A few weeks ago I was invited to interview for a show to air on Radio & TV Martí , a Miami -based station that during the past two decades has soaked up and wasted more than $500 million of U.S. taxpayers’ money attempting to beam anti-Castro news and commentary at Cuba .
To have accepted would have been the kiss of death for me in terms of visiting Cuba, where Radio & TV Martí is, understandably, considered anathema.
I also happen to believe that Radio & TV Martí is an absurd waste of taxpayers’ money (the 2009 budget was $28.4 million) that needs to be shut down immediately.
The U.S. government-funded entity was created by President Ronald Reagan  in 1983 and is designed to foment internal dissent and subversion in Cuba. Radio Martí, which is overseen by the Office of Cuba Broadcasting (OCB), began beaming short- and medium-wave broadcasts at Cuba in 1985; TV Martí was initiated in 1990. Together, they beam at the Communist island 24 hours a day, including from converted AWAC aircraft.
A recent U.S. Government Accountability Office study found, however, that fewer than two percent of Cubans on the island have ever heard or seen the broadcasts, which highlight the plight of dissidents in Cuba and similar topics, but which have been condemned by the International Telecommunications Union as a violation of ITU regulations.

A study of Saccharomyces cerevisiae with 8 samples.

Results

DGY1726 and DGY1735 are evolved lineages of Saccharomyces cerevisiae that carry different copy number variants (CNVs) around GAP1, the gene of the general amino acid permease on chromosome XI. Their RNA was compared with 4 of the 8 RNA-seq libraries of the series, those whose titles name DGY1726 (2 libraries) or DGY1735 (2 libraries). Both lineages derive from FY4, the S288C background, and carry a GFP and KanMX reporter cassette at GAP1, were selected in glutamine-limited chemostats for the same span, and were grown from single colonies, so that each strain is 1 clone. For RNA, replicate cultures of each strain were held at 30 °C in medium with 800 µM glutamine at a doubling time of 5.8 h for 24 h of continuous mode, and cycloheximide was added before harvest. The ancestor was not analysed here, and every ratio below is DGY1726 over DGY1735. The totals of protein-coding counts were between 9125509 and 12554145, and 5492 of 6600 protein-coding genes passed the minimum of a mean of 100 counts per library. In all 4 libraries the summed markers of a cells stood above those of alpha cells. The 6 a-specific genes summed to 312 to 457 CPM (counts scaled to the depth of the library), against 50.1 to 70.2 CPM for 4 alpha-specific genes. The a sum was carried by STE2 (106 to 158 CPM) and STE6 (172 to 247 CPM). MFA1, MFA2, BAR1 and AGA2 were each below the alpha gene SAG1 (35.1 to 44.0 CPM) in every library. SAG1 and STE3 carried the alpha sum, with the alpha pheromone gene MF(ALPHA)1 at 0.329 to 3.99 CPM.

Why such a low reception? Because the Cuban government has consistently been able to jam the broadcasts.
More importantly, various reports by the GAO have found systemic financial irregularities, from payments being channeled to media entities owned by family and friends of the Cuban-American board members to questionable expenses for “cashmere sweaters and Godiva chocolates.” The most recent GAO report slams Radio & TV Martí for “editorializing, use of offensive language in broadcasting, use of unsubstantiated reports… and presentation of individual views as news.”
The fact that Florida’s arch right-wing Cuban-American representatives Rep. Ileana Ros-Lehtinen  and Lincoln Diaz-Balart  have had their own shows on Radio & TV Martí could have something to do with why this boondoggle continues to get U.S. government funding.